Family Shakespeare

Bowdler, Thomas. The Family Shakespeare, in Eight Volumes; in Which Nothing Is Added to the Original Text; but Those Words and Expressions Are Omitted Which Cannot With Propriety Be Read Aloud in a Family. -- 3rd ed. Vol. 1. (London, Printed for Longman, Hurst, Rees, Orme, and Brown, 1823.)

Working with his wife, son, daughters, and nephews, Thomas Bowdler came from a long line of censors who brandished the red pen in the early nineteenth century. The expurgated book on display, The Family Shakespeare, exemplifies the larger effort by the Bowdler family to "clean up"-- or bowdlerize -- the classics. Although Bowdler still credits Shakespeare as the author of The Family Shakespeare, the subtitle reveals that "nothing is added to the original text; but those words and expressions are omitted which cannot with propriety be read aloud in a family."

At what point is a work so substantially altered that it is no longer a classic? Who should define "propriety"?


Joyce, James. Ulysses. (Paris: Shakespeare & Co, 1922.)

From the Tracy W. McGregor Library of American History.

James Joyce's Ulysses has been banned, bowdlerized, bootlegged, and burned. Objections to this stream-of-consciousness novel have included that the book contains "dirty language" and "promote[s] lust." In 1933, its first publication in the United States came hand in hand with an obscenity trial. This legal battle substantially altered the judicial system in censorship cases. The law was expanded to include a consideration of the whole work, rather than just controversial passages. As such, the court upheld the artistic merit of Ulysses and found the "obscene" parts germane to the story.

Hemingway was asked to remove the words "damn," "bitch," and "balls" from The Sun Also Rises. He complied, somewhat, altering some of the words. Nevertheless, despite Hemingway's efforts to appease the publishers, the end result scandalized even his mother, who called her son's work "one of the filthiest books of the year."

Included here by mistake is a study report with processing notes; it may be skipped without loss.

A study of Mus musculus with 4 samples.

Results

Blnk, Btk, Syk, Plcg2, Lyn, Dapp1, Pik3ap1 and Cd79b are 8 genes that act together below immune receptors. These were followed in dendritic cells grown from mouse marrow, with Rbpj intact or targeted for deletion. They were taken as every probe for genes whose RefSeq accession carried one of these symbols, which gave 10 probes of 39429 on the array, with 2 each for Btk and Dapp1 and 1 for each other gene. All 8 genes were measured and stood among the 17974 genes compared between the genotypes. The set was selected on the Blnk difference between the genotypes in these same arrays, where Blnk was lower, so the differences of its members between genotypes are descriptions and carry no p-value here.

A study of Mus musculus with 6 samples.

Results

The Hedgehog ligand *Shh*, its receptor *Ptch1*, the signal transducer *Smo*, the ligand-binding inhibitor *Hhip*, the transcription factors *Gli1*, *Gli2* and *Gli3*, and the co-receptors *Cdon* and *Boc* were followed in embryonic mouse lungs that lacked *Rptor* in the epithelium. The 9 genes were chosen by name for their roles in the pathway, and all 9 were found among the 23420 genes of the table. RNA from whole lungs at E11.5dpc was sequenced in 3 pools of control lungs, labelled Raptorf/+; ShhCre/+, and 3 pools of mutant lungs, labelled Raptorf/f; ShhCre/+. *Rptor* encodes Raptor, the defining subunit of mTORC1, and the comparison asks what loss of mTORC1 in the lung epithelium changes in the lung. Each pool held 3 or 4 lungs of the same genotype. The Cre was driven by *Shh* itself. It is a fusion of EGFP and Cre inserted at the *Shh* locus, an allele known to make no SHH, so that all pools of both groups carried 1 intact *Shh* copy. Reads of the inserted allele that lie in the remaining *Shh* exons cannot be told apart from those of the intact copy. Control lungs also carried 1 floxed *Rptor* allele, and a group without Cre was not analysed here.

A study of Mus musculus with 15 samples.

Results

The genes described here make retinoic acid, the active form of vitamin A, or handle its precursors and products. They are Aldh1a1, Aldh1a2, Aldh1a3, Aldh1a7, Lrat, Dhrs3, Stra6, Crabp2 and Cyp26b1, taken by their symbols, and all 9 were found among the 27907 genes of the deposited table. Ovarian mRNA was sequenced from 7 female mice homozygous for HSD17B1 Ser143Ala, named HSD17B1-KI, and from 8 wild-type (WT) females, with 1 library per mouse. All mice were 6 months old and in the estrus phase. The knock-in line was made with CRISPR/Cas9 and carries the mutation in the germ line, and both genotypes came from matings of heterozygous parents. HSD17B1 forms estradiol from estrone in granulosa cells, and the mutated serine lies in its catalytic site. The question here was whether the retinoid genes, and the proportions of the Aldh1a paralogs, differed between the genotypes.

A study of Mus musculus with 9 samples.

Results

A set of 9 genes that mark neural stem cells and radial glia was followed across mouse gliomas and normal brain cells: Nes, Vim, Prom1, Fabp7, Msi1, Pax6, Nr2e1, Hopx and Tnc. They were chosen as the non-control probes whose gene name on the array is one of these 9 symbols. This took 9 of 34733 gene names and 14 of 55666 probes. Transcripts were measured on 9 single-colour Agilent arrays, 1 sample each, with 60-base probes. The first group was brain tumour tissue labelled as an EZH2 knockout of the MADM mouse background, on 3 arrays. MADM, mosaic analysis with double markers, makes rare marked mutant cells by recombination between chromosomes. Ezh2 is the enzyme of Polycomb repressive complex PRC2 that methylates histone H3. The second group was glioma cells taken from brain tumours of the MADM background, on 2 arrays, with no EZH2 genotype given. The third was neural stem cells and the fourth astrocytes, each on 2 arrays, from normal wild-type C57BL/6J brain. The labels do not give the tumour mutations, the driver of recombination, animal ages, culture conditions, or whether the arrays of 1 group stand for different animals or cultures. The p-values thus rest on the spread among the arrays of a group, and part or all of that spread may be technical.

The book was banned in Boston, and booksellers agreed to neither sell nor advertise the book.

Leaves of Grass

Whitman, Walt. Leaves of Grass. (Brooklyn, New York: [Printed by Rome Brothers,] 1855.)

From the Clifton Waller Barrett Library of American Literature.

Walt Whitman's Leaves of Grass created an uproar from the moment it was first published in 1855 and all through its subsequent nine editions. This classic work of poetry was deemed "obscene," "too sensual," and "shocking" because of its frank portrayal of sexuality and its obvious homoerotic overtones. In 1865, Whitman lost his job as a clerk with the Department of the Interior, when his supervisor found the annotated copy, on display, among Whitman's possessions at work. In 1870, Yale University President Noah Porter compared Whitman's offense in writing Leaves of Grass to that of "walking naked through the streets." With the single known exception of the Library Company of Philadelphia, libraries refused to buy the book, and the poem was legally banned in Boston in the 1880s and informally banned elsewhere. Most booksellers agreed to neither publicize nor recommend Leaves of Grass to customers, and in 1881, the Boston District Attorney threatened Whitman's publisher with criminal prosecution, at the urging of the Society for the Suppression of Vice, causing a proposed new edition to be withdrawn from publication.

In this whirlwind of condemnation, a few voices spoke up in favor of the poem. From the very outset, Ralph Waldo Emerson recognized the work's genius, calling Leaves "the most extraordinary piece of wit and wisdom that America has yet contributed."